During my interview for Cory Huff’s book launch party, I was discussing why Facebook and YouTube aren’t really interruptions — they’re digital distractions. Distractions and interruptions may be keeping you from your best work. I lump them together because they’re unplanned diversions from your work, but their causes are fundamentally different, so addressing them requires different responses.
Interruptions are externally forced upon us, whereas we choose to be distracted. Your laundry and YouTube don’t knock on your door; kids and pets do.
Someone asked a great question, though: What if you create on YouTube? What if your work is actually on Facebook?
Those questions illuminate the tension we all feel in that the mediums of purposeful work are also the mediums of distraction — we can’t just cut out the medium. Email, Facebook, YouTube, Slack, and so on thus require a different degree of discernment than, say, Hulu or TV, for those of us not in the media industry or ecosystem. At the same time, we know the difference between being in a medium purposefully and being there out of habit or because we need a quick hit of digital dopamine.
So, what to do? Some of our work is there, but the non-work stuff can displace the work stuff.
Here are three quick(ish) ways to handle this tension:
- Be specific about the tasks you need to do before you head there. As with objectifying email, you can be clear about what specific items you need to watch, post, or share.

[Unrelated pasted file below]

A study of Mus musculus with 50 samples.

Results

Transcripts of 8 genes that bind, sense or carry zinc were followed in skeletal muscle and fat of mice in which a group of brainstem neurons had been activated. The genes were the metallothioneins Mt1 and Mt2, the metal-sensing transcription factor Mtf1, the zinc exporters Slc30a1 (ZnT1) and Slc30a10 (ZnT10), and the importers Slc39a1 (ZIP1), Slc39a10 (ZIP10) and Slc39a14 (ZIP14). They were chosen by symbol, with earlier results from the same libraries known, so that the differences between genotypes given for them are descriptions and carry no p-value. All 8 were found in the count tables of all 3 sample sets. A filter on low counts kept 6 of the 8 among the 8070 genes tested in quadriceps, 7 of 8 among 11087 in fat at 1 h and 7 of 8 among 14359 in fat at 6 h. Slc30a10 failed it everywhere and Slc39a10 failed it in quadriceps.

- Use timers to make sure the work-graze slide is minimized. A new favorite of mine is marinaratimer.com because it handles Pomodoro and custom timers nicely.
- As always, firewall your creative time as much as possible and consider separating distraction-prone tasks into blocks of time when you can be distracted without displacing your deep creative time.
We can’t avoid the Loop entirely, but we can be better about making sure it doesn’t eat away at our deep creative time.
The simplest way to deal with distractions is to block the distraction entry point. If you don’t have access to YouTube, you won’t spend hours watching video after video. The strategies below (expounded on more in Chapter 9 of Start Finishing) get successively more aggressive at blocking distractions:
- Make your daily momentum plan before jumping onto distraction sources.
- Create better defaults during transition periods to replace the distracting defaults you may have.
- Turn off all notifications and make ample use of Do Not Disturb.
- Lock yourself out.
- Delete apps or remove capabilities.
- Use dumbtech.
Finding the right combination of distraction-blocking strategies may take a little time and money, but consider how much of your week you’re on the Loop, recovering from being distracted, or frustrated that the open time you had during the day was lost. Since we choose to be distracted, we can choose not to be.
If you’d like even more ideas on how to handle distractions, or ways to get your idea to done, Start Finishing is your solution.